You’re a Liar, but It’s Probably OK

December 21, 2018
santa-bokeh

We talk about Santa like we talk about Mickey Mouse. The difference is only one of those is real. Right, kids?

My dad broke the news to me when I was almost eight. We were driving along in the snow, next to a golf course, and out of nowhere he leans over and says:

   “Got a secret for ya.”

   “Oh, fun! What is it?”

   “I’m Santa.”

   “Huh?”

   “I. Am. Santa. Clause. You get it?”

   “You’re . . . Santa? Really?”

   “Yep.”

   “Oh . . . so, like, is that why you’re never home?”

Mom was a little disappointed when she found out about our conversation. And when I say disappointed, I mean furious at my dad for whoopie-cushioning the magic right out of Christmas. I, of course, remember acting like I was all cool with it. I mean, duh, right? Of course, there’s no Santa! How could I have been so childish?

I wasn’t cool with it, though. I was deflated. It did explain why there were Walmart price tags on all the presents, though, which was something I’d been wondering about for years. But don’t worry: after a few short months of therapy, I eventually got over it.

So why do we lie to our kids? It seems to come so naturally; we don’t even think about it. Sometimes it’s to keep the magic alive. Sometimes we’re just lazy and impatient, so we toss out idle threats hoping for immediate results. Sometimes, we’re so afraid they’ll get their feelings hurt or we’ll have to deal with uncomfortable questions or situations that we effortlessly concoct the most ridiculous loads of crap to avoid spewing truth.

And if you’re thinking, “Well, I don’t lie to MY kids. I don’t know what you’re talking about,” then check this out:

In 2009, Dr. Kang Lee and a group of researchers at the University of Toronto conducted a study where students and parents looked at nine hypotheticals where a parent had lied to a kid. One scenario read something like, “A parent is very embarrassed by a child’s public tantrum and says, ‘The cops will snatch you up if you don’t start behaving.’” Another similar to, “A loving aunt just died and the parent tells the kid the aunt is now a star in the sky who will watch over you.” Another said something similar to, “A parent tells a kid, ‘You did a great job at your track and field event,” after taking last place.” And so on.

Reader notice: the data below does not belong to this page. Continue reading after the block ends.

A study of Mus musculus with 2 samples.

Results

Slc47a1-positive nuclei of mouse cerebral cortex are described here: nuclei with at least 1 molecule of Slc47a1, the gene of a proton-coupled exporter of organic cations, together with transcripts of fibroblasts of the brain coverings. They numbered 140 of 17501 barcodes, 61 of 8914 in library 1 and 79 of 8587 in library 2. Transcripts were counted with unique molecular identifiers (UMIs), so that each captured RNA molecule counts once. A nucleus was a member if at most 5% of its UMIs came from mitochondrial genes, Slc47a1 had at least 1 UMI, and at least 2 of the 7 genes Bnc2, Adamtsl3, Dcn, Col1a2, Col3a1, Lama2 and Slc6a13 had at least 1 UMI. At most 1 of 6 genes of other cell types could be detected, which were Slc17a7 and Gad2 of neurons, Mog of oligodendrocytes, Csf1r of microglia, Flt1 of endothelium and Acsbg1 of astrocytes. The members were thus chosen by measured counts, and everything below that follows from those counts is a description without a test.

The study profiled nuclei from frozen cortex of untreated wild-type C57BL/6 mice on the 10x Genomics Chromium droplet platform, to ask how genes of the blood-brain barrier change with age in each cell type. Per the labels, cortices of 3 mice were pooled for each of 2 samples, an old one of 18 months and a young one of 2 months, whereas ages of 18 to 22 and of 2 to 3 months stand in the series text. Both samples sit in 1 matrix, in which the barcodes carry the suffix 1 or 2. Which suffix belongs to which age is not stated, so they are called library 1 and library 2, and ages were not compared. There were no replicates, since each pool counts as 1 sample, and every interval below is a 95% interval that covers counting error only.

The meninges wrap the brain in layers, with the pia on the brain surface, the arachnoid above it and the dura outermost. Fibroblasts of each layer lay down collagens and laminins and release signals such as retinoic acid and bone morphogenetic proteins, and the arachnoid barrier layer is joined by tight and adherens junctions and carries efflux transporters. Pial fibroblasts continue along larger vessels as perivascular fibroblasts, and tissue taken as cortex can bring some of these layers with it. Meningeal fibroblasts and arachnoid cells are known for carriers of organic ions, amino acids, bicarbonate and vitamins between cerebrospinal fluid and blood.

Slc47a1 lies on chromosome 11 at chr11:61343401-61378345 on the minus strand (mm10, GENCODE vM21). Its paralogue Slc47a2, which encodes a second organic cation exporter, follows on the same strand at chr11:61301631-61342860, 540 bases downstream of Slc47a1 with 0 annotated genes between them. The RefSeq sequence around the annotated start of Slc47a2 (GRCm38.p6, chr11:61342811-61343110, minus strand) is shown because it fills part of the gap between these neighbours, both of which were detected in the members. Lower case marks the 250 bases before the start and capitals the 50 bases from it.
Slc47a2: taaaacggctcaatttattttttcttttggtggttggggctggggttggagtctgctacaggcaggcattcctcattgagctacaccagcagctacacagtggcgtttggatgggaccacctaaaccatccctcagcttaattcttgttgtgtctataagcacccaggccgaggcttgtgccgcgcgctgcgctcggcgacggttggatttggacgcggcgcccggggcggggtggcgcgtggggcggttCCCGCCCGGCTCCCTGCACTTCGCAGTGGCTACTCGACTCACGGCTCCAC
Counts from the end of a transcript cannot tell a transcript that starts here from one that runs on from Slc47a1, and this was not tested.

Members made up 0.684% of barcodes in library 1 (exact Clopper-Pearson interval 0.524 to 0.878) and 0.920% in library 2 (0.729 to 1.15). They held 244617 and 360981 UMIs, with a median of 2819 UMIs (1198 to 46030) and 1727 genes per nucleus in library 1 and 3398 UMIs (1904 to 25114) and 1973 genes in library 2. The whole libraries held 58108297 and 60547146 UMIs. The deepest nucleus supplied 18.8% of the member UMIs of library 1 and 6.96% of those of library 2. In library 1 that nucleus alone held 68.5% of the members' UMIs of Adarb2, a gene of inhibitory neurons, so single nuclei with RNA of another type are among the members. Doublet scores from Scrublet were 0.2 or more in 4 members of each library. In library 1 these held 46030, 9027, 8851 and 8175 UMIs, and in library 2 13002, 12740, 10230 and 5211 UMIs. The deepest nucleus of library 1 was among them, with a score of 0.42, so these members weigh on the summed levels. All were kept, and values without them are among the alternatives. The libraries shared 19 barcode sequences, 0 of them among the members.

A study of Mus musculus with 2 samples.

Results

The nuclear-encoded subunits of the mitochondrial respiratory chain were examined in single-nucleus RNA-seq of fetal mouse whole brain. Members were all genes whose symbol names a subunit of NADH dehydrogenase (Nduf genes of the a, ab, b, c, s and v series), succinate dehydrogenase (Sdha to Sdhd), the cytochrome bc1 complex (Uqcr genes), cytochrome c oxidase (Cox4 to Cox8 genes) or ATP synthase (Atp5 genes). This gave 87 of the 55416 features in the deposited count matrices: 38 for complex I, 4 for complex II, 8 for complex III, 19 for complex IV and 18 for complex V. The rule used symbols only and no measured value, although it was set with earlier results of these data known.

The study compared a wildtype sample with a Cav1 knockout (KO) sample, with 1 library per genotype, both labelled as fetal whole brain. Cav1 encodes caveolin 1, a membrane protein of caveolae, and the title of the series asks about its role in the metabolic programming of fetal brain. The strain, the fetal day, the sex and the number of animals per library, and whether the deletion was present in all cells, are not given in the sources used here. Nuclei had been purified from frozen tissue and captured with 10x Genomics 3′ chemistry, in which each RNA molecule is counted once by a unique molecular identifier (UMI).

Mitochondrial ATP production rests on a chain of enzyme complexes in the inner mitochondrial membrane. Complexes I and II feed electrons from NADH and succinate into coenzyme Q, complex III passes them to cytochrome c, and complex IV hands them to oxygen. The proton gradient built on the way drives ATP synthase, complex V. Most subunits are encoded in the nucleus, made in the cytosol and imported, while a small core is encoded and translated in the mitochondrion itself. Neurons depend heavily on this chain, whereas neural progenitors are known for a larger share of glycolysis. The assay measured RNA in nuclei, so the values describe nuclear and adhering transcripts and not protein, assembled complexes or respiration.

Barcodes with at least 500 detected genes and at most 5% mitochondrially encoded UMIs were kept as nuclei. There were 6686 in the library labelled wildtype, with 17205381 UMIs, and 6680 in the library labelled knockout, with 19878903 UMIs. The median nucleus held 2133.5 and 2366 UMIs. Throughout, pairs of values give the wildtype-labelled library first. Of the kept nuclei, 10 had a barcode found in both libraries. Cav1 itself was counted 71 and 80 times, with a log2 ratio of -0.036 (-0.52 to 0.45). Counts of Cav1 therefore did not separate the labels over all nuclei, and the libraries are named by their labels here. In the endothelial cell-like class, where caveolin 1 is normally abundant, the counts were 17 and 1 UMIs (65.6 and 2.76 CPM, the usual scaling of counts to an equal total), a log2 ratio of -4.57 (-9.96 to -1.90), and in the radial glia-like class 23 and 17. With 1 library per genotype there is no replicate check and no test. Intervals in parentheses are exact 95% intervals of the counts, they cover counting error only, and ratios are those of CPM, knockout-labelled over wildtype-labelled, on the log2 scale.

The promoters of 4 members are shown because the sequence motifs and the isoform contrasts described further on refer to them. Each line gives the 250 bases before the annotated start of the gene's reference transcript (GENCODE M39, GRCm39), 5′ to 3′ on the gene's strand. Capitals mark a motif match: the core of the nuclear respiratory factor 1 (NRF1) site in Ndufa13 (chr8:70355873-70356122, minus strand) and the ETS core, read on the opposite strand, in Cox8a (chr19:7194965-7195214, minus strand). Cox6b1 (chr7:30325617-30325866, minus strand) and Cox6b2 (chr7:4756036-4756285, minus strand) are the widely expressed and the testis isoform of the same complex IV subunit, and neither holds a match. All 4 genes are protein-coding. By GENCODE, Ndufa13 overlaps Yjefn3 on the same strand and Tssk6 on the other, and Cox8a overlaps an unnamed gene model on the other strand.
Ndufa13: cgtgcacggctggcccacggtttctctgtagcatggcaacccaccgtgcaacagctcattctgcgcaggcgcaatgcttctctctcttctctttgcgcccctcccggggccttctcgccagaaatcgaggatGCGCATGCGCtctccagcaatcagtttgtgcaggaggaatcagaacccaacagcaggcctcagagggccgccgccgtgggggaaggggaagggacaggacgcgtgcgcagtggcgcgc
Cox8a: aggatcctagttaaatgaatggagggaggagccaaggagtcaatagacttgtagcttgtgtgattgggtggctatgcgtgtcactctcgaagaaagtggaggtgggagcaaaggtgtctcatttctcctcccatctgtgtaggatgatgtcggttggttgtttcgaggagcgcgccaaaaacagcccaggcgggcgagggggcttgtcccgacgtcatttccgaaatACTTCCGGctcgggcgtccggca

Are they going to care that you lied about their Power Ranger Blaster being broken? No, but don’t lie about anything they’re going to care about ten years from now.

Turns out, over 90 percent of undergraduates revealed they’d experienced a white lie from a parent similar to at least one of these scenarios at a young age.

So, yeah, it’s more than likely that you’re a liar. So stop lying about not being one.

The question is, is that such a bad thing? If we all lie to our kids, is it OK? Is it just something we do? Is it sometimes justified?”

Kristin Dawson, a mother of two, seems to think so—conditionally at least. “Are they going to care that you lied about their Power Ranger Blaster being broken? No,” she says. “But don’t lie about anything they’re going to care about ten years from now.”

I guess that makes sense. It’s OK to lie about the trivial stuff (like the Easter Bunny), but don’t lie about who their father really is and what you were really doing that night 18 years ago in Cancun. See the difference?

A while ago, I saw a movie about a family who lives in the woods. They were incredibly close and extraordinarily intelligent. It’s called Captain Fantastic, and it is now one of my favorites. As the story unfolds, you realize that the fulcrum of the father’s rigorous intellectual and physical education is his creed to, no matter what the circumstance, be completely honest with his kids. You can imagine some of the outrageous questions asked and blunt answers given, even the uncomfortable ones surrounding sex, why they’re in the woods, and the issues regarding their missing mother.

One would expect that the children would be left scarred by their father’s bluntness, but in the end, after all the drama and plot points are fleshed out, it’s apparent that it’s a quality they all respect in their pop. So he walks away the hero because of his honesty.

I know it’s just a movie, and movies aren’t real, but it got me thinking: Could I maintain that level of honesty with my kids? What would happen if I did? How would they react? How would my wife react? Could I even do it, just for one day?

It might be a great exercise for you and your partner to try with your kids. Perhaps you’ll experience a new level of bonding with them. Or perhaps you’ll break their tender little hearts and they’ll never forgive you. You never know. Might be fun to give it a try, though.

But, for heaven’s sake, leave Santa out of it. At least until January.

Jason Osmond is a writer, marketing strategist, and professional dad. He lives with his wife and three kids in Vineyard, Utah.